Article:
After several years of extreme pain, Inese Ergle was diagnosed with osteoporosis. She was just 30 years of age. Inese, who had been to numerous doctors and had many X-rays before a diagnostic DXA scan finally revealed the cause of her pain and immobility, was extremely fortunate to find knowledgeable doctors. She received treatment, which quickly had beneficial effects. Although her back-pain still remains due to damage that is irreversible, she now enjoys freedom of movement and has regained much of her quality of life.

Inese Ergle, left, at a presentation on the occasion of the visit of Former US Secretary of State Madeleine AlbrightInese Ergle, left, at a presentation on the occasion of the visit of Former US Secretary of State Madeleine Albright But a constant source of worry has been the high cost of medication, which at the beginning ate up one-third of her income every month.

With governmental promises to provide reimbursement for diagnosis and treatment being postponed several times, Inese and other concerned patients and doctors decided to take matters into their own hands. In 2002 they established the Latvia Osteoporosis Patient and Invalid Association (of which Inese became President), which is advocating reimbursement and is working to raise awareness of osteoporosis in Latvia.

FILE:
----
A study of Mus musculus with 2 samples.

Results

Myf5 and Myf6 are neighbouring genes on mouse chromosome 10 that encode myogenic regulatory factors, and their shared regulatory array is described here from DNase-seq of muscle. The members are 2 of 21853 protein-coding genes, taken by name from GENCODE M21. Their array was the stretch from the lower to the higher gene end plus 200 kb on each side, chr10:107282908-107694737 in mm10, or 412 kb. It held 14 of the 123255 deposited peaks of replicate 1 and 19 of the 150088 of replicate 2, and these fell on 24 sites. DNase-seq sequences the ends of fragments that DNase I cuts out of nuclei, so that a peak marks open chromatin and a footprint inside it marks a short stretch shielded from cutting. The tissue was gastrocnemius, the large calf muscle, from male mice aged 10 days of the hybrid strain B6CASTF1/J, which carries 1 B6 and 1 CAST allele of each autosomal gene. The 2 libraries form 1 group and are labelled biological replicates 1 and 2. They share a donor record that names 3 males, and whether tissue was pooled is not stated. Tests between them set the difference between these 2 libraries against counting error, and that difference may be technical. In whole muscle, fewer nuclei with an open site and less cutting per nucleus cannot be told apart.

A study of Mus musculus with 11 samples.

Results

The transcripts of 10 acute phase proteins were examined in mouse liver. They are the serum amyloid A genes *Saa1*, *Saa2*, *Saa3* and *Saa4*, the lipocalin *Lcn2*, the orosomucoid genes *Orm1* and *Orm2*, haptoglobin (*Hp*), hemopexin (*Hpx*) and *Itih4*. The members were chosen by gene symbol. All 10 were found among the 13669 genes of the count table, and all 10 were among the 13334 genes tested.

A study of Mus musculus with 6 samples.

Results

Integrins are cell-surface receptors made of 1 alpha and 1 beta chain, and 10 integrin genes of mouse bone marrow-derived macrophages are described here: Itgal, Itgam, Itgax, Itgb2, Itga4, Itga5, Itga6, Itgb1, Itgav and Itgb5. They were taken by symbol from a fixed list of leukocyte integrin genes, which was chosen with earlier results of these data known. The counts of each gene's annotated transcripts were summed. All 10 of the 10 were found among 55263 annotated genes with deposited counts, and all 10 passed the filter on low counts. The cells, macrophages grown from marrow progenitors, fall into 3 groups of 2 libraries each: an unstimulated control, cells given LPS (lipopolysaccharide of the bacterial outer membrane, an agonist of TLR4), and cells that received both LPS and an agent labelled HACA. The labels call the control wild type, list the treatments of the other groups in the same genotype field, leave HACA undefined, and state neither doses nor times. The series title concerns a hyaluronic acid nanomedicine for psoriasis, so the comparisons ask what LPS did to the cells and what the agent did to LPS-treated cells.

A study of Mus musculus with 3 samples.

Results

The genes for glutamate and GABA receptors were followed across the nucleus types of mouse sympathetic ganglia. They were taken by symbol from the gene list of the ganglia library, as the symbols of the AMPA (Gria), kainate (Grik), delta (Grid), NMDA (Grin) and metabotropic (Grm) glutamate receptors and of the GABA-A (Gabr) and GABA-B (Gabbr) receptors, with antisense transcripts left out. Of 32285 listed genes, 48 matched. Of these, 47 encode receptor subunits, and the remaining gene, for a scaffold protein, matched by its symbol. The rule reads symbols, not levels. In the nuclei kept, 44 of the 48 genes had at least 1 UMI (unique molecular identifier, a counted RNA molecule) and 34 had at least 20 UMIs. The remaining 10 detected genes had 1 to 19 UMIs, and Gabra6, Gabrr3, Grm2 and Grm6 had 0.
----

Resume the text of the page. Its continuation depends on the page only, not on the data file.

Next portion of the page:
Their lobbying efforts have achieved much in a short time: as of July 1, 2005, patients who have sustained an osteoporotic fracture receive 75% reimbursement for medication. In addition, the government promised to offer 50% reimbursement for people with osteoporosis prior to fracture. The announcement of the new reimbursement policy followed the May launch of official osteoporosis guidelines by the Latvian Osteoporosis Society in conjunction with other specialists.

“I could jump for joy! This is a great victory in the fight against osteoporosis and against the indifference in our country. I do hope this good news will encourage other patient organizations to continue their struggle for reimbursement,” said Inese.

More good news: as a result of the new policy, pharmaceutical companies agreed to reduce costs by about 30%. In Latvia, as in many other countries without reimbursement, most patients cannot afford the high cost of medication. For example, the average monthly governmental retirement benefits in Latvia are only ca. 100 euros. With the monthly cost of the most common osteoporosis medication formerly at ca. 55 euros, treatment was inaccessible to the majority of pensioners.

Now, with reduced prices and partial reimbursement, more people with osteoporosis will have access to much needed treatment. Although diagnostic testing remains non-reimbursed (and DXA equipment is in the private sector), the significant discounts offered by the clinics ensure that testing itself is less of a financial burden for patients.

“Our work is not done yet,” said Inese Ergle. “The GPs in Latvia do not consider osteoporosis a serious illness, only as something trivial. They do not see the connection between osteoporosis and fractures.

Read more stories of people with osteoporosis.